9.1 High standards must be maintained at all times.







Informational or educational materials must be inexpensive, directly relevant to the practice of medicine or pharmacy and directly beneficial to the care of patients.




The only exception to this is market research material which need not reveal the name of the company involved but must state that it is sponsored by a pharmaceutical company.



Clauses 9.1 and 9.2 Suitability and Taste

The special nature of medicines and the professional audience to which the material is directed require that the standards set for the promotion of medicines are higher than those which might be acceptable for general commodity advertising.

It follows therefore that certain types, styles and methods of promotion, even where they might be acceptable for the promotion of products other than medicines, are unacceptable. These include:

  • the display of naked or partially naked people for the purpose of attracting attention to the material or the use of sexual imagery for that purpose
  • ‘teaser’ advertising whereby promotional material is intended to ‘tease’ the recipient by eliciting an interest in something which will be following or will be available at a later date without providing any actual information about it
  • the use of inappropriate language abbreviations or emoticons particularly in digital communications
  • the provision of private prescription forms pre-printed with the name of a medicine


Where factual safety information given in promotional material is based on advice in the MHRA Drug Safety Update, the information can be referenced to that publication.


Particular care needs to be taken in this regard in the first six months following the launch of a medicine to avoid criticism of the industry.


Reply paid cards which are intended to be returned to companies through the post and which relate to a prescription only medicine should not bear both the name of the medicine and information as to its usage but may bear one or the other.


Where permission to use emails for promotional purposes has been given by a recipient, each email sent should inform the recipient as to how to unsubscribe to them.

Clause 9.9 Responding to emails

An unsolicited enquiry received by email or an unsolicited enquiry received by post which includes an email address can be responded to by email without specific permission, consent to do so being implied in such circumstances. There is no need to inform recipients as to how to unsubscribe to an email response to an enquiry.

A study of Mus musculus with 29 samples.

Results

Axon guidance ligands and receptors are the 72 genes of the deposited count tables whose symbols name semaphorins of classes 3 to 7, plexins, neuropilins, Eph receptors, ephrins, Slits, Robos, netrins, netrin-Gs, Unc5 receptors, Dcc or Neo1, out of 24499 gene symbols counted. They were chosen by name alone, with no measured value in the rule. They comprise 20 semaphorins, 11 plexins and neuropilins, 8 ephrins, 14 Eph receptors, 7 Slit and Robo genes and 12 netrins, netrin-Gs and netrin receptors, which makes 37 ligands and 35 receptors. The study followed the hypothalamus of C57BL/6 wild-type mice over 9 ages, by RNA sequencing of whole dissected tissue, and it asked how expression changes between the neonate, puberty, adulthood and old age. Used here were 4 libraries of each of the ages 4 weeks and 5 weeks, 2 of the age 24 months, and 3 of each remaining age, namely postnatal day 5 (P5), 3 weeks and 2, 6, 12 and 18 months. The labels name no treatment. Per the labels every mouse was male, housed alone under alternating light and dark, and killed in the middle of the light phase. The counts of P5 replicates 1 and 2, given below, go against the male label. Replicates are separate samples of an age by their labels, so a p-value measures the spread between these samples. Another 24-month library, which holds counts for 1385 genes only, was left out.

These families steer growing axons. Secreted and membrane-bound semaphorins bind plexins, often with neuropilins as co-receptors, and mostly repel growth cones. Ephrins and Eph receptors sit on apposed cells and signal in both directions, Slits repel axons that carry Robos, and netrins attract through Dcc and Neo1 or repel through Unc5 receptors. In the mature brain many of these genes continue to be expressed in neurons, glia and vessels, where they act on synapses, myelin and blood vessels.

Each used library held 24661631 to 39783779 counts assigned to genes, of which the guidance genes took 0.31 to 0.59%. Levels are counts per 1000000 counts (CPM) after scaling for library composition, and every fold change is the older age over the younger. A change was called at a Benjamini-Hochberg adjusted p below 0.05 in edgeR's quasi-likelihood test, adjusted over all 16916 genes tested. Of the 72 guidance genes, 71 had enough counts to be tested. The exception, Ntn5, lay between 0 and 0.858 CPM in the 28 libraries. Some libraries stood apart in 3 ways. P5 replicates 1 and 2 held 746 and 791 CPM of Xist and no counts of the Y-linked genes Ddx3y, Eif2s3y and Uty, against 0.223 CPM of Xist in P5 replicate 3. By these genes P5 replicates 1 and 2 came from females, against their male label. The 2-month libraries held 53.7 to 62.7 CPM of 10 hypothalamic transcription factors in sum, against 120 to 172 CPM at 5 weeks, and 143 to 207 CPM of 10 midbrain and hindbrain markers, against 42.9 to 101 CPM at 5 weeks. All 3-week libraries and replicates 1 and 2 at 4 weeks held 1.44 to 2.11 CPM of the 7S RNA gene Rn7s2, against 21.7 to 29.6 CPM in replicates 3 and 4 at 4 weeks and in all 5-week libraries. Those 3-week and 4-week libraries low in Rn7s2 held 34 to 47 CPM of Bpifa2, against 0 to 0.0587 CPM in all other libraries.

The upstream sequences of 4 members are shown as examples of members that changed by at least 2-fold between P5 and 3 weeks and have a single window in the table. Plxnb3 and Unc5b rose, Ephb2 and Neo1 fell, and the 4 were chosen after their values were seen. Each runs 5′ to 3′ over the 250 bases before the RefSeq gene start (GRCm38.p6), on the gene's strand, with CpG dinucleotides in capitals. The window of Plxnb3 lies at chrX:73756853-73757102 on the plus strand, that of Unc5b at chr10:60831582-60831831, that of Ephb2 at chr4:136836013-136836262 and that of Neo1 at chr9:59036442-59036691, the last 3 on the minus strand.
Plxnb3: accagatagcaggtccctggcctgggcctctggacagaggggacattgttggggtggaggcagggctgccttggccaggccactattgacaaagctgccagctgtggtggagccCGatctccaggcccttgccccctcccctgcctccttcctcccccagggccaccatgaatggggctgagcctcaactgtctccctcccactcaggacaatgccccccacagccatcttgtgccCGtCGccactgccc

Clause 9.9 Remote Detailing

When promotion is carried out remotely, such as by telephone call, web chat or other online calls, prior permission from the recipient must be obtained in advance or at the start of the contact or call. In setting up the contact or call, full details must be given of the company the caller will represent, their role and the purpose of the call. Arrangements made to discuss a specific product should be adhered to.


The declaration of sponsorship must be sufficiently prominent to ensure that readers of sponsored material are aware of it at the outset.

The wording of the declaration must be unambiguous so that readers will immediately understand the extent of the company’s involvement and influence over the material. This is particularly important when companies are involved in the production of material which is circulated by an otherwise wholly independent party, such as supplements to health professional journals.

Clause 9.10 Market Research

Where market research is carried out by an agency on behalf of a pharmaceutical company, the agency must reveal the name of its client to the Prescription Medicines Code of Practice Authority when the Authority requests it to do so. When commissioning market research, a company must take steps to ensure that its identity would be so made known to the Authority should a request for that information be made.